Zambia’s parliament has on Tuesday approved the three-month state of emergency invoked by President Edgar Lungu last week after a fire engulfed Lusaka’s biggest market.
85 members of parliament out of 118 voted in favour of the state of emergency, 34 exempted themselves from voting and none voted against it.
The main opposition party United Party for National Development (UPND) has strongly opposed the state of emergency saying the security services are not equipped to enforce the law.
UPND’s 47 members of parliament could not vote on the state of emergency due to the 30-day suspension they are serving for boycotting President Edgar Lungu’s address to parliament in March
President Lungu invoked a constitutional clause last week in response to the recent market fires suspected to have been deliberately sparked by arsonists.
“This is not an easy decision to make, but in order to preserve peace, tranquillity, the safety of our citizens and national security, we had no choice but to take this decision given the events that have occurred in the recent past,” he said.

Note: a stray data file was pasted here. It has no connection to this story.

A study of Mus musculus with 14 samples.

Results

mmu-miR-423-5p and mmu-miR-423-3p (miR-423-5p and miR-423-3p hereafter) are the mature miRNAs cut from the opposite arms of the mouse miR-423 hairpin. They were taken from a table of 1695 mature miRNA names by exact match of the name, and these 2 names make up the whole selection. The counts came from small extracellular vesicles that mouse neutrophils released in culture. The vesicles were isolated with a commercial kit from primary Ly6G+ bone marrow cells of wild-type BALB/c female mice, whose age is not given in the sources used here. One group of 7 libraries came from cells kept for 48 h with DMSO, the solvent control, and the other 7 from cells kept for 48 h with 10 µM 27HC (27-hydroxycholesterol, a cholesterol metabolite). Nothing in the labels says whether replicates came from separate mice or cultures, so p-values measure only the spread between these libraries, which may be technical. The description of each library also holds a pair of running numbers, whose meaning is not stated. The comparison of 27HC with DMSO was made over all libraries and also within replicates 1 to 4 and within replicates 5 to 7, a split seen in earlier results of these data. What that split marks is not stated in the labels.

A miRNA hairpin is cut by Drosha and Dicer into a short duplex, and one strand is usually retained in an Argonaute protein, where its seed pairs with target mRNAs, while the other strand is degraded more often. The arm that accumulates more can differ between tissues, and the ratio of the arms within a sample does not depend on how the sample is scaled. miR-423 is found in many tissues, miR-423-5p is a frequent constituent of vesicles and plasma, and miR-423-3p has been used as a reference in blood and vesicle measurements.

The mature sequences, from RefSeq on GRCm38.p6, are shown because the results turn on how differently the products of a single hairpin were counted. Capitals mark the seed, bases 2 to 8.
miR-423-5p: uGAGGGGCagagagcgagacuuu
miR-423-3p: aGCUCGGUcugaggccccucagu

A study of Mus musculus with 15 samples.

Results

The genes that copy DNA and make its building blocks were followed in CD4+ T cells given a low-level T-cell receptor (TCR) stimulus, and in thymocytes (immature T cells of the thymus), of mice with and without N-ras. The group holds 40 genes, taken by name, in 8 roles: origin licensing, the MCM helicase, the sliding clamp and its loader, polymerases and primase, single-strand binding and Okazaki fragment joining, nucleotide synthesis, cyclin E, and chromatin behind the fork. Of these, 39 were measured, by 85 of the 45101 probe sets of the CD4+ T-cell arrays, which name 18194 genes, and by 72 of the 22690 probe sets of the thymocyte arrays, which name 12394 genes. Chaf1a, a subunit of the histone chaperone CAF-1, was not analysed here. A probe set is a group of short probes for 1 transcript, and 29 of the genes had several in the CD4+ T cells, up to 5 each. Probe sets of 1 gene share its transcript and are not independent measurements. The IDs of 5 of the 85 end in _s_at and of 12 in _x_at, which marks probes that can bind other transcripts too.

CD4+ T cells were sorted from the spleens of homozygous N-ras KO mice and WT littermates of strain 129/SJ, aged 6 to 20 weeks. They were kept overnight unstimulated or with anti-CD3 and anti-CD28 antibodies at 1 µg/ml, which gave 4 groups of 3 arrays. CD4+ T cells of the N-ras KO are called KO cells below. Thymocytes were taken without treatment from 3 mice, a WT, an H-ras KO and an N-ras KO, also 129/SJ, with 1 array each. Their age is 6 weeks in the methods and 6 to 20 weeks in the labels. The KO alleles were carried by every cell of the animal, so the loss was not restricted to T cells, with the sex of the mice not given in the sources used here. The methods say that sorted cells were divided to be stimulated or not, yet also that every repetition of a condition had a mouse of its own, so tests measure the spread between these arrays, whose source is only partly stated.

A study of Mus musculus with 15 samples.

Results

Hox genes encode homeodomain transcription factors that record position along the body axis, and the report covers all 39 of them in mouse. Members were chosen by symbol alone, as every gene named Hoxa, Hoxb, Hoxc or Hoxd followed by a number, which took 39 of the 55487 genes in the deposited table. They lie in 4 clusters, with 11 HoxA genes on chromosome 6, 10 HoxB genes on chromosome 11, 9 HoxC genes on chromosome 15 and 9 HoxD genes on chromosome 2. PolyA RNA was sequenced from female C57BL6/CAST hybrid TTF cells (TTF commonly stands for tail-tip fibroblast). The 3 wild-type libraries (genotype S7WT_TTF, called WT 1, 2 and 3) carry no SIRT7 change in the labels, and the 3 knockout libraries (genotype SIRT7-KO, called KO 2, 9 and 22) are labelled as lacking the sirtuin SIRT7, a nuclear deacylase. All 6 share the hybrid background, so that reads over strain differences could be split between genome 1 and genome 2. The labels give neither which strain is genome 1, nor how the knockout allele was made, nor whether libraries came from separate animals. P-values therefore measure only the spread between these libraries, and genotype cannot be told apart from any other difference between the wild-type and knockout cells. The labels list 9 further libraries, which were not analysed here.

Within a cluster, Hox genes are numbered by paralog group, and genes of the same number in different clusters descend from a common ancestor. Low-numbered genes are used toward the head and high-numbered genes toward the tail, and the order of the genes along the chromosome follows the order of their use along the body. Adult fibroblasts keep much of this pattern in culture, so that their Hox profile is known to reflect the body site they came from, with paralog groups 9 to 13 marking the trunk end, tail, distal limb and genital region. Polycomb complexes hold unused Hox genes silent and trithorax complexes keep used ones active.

“We have repeatedly advised our nationals to desist from any irresponsible behaviour and criminality but it would appear that this has fallen on deaf ears. Therefore, practical measures as outlined tonight have had to be invoked,” he said while calling on the members of parliament to support the decision.
His declaration was opposed by civil society groups and opposition parties who said it was too early to make that call.
According to the group Civil Society Constitutional Agenda, the intention of the president is “totally misplaced and a knee-jerk reaction to an incident that has not even been investigated”.
The chairperson of the Zambia-based group John Mambo said in a statement that arson is not a good reason to declare a state of emergency and the police is not adequately prepared to handle emergency situations.
“We would like to further remind the President that suspending any of our fundamental freedoms is essentially suspending our dignity and humanity,” the statement added.
The opposition Green Party also said a state of emergency is “violent response to violence”.
Its leader, Peter Sinkamba explained in a statement that the measure will rather increase tensions and divisions in the country as well as deprive citizens of their constitutional rights.
President Lungu, however, assured the public that “all law abiding citizens will not be impacted by this decision and should continue to go about their daily routines normally”.